Last Updated on December 31, 2020
We’ve all fantasized about getting a van at some point – either for that landscape business you’ve always planned on starting or undergoing a radical lifestyle change whereby you sell your house and travel around the world on 4 wheels.
When you have your very own van, the possibilities are endless!
But if you are planning on picking up a larger vehicle for transportation, you’ll already be plagued by numerous questions.
Questions like: how much space will you need in the van? How many seats should you have? What kind of van has the most power and how much can you modify your van?
Well, van-lifers and business owners need not worry, because we’re going to give you a better insight into the world of vans and which van will be suitable for your specific needs.
Whether you’re using it to get your produce from A to B or you’re thinking of traveling from one end of the globe to another, by the end of this article, you’ll know which is the right vehicle for you.
What Will You Be Using Your Van For?
If it’s a business that you’re planning on using your van for, then you’ll need to first figure out how much of a payload you’ll be looking to deliver.
If you’re going to be delivering larger construction materials, for example, then you’ll be needing a larger van that can carry and balance heavy items.
The payload of a van is the maximum amount that a van can safely carry.
This is usually specified by the manufacturer. Here is a list of average weights and sizes of some materials that are often transported by road:
- Bag of sand – 1330 kg per cubic meter
- Pallet – 1200 x 800 mm
- A bale of hay – 225 kg per cubic meter
- Bag of cement – 25 kg or 50 kg
- Sheet of MDF – 2440 x 1220 x 15 mm
- Bag of potatoes – 50 kg
- Tin of paint – 7 kg
It will be worth finding some estimates of these items and adding them all together until you have a total weight. Then you can run this against the maximum payload specified by the van manufacturer.
The amount that a van can carry is usually measured in liters or square meters. If you know that you’ll be transporting a lot of items, then you’ll probably want to buy a van with a larger capacity.
You’ll also need to consider how your payload will be accessed. If you have a lot of heavy pallets, you might want to think about having a ramp that can be retracted into the body of the van itself.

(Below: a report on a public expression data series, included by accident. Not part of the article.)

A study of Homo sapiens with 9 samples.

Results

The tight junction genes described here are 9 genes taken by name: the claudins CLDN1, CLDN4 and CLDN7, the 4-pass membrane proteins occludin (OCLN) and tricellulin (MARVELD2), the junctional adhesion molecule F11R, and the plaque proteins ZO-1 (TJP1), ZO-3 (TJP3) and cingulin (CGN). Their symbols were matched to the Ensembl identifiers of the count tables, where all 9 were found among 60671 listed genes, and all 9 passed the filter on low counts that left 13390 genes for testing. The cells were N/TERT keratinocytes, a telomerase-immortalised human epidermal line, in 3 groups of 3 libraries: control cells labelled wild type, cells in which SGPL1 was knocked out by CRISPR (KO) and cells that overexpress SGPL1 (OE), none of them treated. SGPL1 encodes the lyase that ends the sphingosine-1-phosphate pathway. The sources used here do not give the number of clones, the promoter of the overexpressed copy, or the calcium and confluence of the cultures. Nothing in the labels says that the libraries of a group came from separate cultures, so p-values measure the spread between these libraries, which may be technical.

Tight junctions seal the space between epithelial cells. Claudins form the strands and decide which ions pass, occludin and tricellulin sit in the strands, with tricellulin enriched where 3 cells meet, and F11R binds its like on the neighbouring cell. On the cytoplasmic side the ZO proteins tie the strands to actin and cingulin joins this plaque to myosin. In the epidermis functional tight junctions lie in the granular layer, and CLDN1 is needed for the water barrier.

However, if your van is going to be parked in a variety of different locations, then you’ll probably want a door on the side as well as the back, for extra versatility.
How Many Seats Will You Need In Your Van?
Calculating the number of seats you plan on having in your van will depend on the number of passengers that you’ll want to carry.
If you have a team of people in a workforce that will be using your van, for example, then you might need a row of seats in the back.
However, if you are using the back of the van as a living space, then seats won’t be ideal, except for one front and one passenger seat.
You can choose to remove all the excess materials from the back of your van and have a bed fitted too. If you are planning on using your van as a living quarters, we’d recommend the more space, the better.
You’ll also need to think about the comfort of your driver. If you are going to be driving a short distance, then seat comfort might not matter too much.
However, if you’re doing long haul driving for hours, then a comfortable seat will be crucial for avoiding aches, pains and more serious conditions like sciatica that will develop after repeated driving.
You’ll also need to think about the types of journeys that your van will be taking. Short trips in urban areas will be less stressful on a van’s suspension than long drives across variable terrain such as gravel or dirt path.
If you are carrying people or objects will also make a difference in the size of the van you’ll want. People are generally lighter than furniture and building supplies, so you’ll probably want a larger, more heavy-duty van for shipping the latter.
What Kinds Of Van Can You Buy?
Car-derived Or Compact Vans
These types of van are often built on the platform of a car, with seats removed in the back to create more load space.
You can use these car-derived vans for lighter deliveries such as catering and small payloads.
You can also use it if you’re a self-employed tradesman and need something in which they can transport their tools.
These vans can carry a much heavier payload than a car-derived van.
These vans are much easier to maneuver, coming in models that are generally more efficient on fuel.
Fuel costs will be very important if you’re planning on doing a lot of long-distance driving.
Small vans are favored by people in professions that require a small amount of gear, such as plumbers, florists and photographers.
These kinds of vans are specially adapted for professional use and have unique features that enable the transportation of delicate goods.
Here are a few examples of specialist vans, along with the purpose that they usually serve:
- Luton vans – these are popular with removal firms, with an extendable body that gives you extra load space.
- Refrigerated vans – these have onboard refrigeration units that are most often used by catering firms to keep certain foods chilled on a way to a venue.
- Curtain-side vans – the sides are this van are made from canvas that facilitates easy loading, perfect if the entire side of a vehicle is needed.
- Tippers – This has a hydraulic ram that pushes the front load area upward. They are useful for transporting and delivering heavy materials directly onto a specific site e.g. construction sites.